Despite a cautious rollout of its plug-in car program and low sales of its 2012 Ford Focus Electric, Ford has reiterated details of  its investment in plug-in cars. 

According to Ford’s official release, it has now earmarked $135 million to double its battery testing facilities, triple plug-in vehicle production capacity, and speed up the introduction of its plug-in vehicles to market. 

By 2013, Ford says it will have a total of 160 individual battery test channels, including ones that not only test the performance capabilities of new battery packs, but their ability to withstand extremes of temperature. 

Part of the funding will be spent on repurposing a 285,000-square-foot research and development laboratory in Dearborn, Michigan, which Ford says will be dedicated “almost entirely” to developing hybrid and plug-in cars.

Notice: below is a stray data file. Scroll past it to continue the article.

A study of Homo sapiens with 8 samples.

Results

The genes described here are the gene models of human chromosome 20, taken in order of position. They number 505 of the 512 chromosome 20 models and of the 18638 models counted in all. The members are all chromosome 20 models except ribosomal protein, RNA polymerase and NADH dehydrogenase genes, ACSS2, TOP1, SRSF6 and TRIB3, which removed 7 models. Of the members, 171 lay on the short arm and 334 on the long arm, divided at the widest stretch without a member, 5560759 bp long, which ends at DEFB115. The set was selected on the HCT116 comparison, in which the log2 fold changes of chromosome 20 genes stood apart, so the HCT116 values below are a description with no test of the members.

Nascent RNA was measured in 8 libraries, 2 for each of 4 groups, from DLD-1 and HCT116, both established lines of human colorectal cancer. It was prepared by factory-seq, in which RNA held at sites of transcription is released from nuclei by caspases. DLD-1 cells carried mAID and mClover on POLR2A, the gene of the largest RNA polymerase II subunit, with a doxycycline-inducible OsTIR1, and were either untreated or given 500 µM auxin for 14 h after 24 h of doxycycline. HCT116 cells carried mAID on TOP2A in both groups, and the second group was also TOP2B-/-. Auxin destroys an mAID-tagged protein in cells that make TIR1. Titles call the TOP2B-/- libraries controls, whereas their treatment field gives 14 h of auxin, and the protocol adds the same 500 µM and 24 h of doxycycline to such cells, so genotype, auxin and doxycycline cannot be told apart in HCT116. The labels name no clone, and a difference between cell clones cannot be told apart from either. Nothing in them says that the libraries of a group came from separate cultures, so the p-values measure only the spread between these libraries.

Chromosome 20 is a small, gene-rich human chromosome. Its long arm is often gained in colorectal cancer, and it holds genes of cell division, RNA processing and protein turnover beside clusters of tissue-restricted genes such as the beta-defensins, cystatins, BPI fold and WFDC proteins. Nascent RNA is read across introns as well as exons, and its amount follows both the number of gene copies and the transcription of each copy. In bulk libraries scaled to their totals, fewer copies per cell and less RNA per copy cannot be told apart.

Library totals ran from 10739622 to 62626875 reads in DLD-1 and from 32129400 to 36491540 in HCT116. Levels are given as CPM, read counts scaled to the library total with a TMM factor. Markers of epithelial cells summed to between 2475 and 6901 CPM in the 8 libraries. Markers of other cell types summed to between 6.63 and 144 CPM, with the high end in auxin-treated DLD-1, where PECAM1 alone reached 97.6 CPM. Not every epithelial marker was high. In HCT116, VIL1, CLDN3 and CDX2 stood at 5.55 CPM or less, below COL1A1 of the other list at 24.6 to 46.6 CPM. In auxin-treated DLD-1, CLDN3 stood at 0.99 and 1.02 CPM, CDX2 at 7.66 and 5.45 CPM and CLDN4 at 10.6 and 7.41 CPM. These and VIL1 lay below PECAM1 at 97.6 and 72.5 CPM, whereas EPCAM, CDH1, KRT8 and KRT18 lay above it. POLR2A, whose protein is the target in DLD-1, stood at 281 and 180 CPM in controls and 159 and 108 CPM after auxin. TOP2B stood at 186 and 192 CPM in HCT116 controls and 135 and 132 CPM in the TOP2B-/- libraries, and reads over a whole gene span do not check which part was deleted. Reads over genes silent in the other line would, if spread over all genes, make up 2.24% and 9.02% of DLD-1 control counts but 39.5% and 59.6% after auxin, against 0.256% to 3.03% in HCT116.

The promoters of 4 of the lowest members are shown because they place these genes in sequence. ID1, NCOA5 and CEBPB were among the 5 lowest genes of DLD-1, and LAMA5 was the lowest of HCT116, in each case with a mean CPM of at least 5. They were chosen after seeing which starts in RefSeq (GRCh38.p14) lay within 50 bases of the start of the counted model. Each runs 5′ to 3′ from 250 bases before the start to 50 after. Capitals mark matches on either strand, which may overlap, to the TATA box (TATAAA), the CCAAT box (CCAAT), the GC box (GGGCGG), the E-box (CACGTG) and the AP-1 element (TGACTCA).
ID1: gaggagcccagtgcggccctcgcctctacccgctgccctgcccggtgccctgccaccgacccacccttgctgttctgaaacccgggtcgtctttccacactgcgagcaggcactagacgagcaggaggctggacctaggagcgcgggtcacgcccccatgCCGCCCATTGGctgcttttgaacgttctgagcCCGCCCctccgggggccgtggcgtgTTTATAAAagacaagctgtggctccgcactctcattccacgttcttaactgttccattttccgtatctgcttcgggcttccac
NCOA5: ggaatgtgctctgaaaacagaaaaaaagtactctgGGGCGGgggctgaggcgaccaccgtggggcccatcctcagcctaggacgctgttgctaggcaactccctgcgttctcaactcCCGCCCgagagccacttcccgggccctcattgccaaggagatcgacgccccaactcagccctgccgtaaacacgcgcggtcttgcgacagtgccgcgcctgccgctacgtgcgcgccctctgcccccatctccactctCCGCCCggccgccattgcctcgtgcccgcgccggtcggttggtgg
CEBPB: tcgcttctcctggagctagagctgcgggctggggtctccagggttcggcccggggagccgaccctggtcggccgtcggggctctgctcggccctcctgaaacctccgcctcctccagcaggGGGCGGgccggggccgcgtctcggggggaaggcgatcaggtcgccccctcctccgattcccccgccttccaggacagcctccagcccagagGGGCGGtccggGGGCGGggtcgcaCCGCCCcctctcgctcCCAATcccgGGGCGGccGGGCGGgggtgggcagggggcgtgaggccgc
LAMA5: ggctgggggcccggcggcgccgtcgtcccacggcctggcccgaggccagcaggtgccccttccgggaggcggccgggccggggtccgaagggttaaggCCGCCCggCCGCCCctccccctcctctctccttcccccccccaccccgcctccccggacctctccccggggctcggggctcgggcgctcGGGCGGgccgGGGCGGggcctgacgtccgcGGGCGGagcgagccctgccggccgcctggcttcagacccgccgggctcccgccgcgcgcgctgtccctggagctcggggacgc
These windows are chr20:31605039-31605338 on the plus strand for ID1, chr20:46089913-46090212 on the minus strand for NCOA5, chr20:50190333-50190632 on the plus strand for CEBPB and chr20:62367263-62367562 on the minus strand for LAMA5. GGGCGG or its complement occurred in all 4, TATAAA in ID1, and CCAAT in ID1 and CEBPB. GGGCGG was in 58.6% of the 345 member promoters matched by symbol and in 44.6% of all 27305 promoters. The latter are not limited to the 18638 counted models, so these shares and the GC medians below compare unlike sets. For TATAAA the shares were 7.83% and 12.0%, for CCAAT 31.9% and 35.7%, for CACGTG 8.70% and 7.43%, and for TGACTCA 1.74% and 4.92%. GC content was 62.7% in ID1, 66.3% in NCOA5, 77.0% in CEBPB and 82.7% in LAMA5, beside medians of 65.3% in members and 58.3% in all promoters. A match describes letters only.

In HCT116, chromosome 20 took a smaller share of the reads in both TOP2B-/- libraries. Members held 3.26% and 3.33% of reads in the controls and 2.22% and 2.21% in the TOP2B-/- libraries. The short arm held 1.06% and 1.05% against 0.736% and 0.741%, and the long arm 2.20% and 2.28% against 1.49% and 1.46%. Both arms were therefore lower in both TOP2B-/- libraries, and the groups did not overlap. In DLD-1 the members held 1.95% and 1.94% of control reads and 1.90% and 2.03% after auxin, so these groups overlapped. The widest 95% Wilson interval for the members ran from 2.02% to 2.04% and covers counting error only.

Ford C-Max Energi, first revealed at the 2011 Detroit Auto Show

Ford C-Max Energi, first revealed at the 2011 Detroit Auto Show

The building in question -- Ford's current Advanced Engineering Center -- will be renamed the Advanced Electrification Center, and become home to some 1,000 hybrid and plug-in vehicle engineers. 

It's worth noting however, that the majority of those engineers already work for Ford and are just being moved to a central location. Only 70 of those 1,000 engineers are new to the firm. 

With the 2013 Ford C-Max Energi plug-in hybrid due to launch later this year, Ford is keen to take on both Chevrolet’s Volt and Toyota’s Prius Plug-in Hybrid in the rising plug-in hybrid market. 

But with sales of its Ford Focus Electric still low -- and Ford itself admitting that it expects to build no more than 5,000 cars -- don’t expect to see Ford’s investment leaning towards all-electric cars just yet. 

The cautious, and more likely, route is that we’ll see Ford focus on its plug-in hybrid cars, like the 2013 Ford C-Max Energi and 2013 Ford Fusion Energi.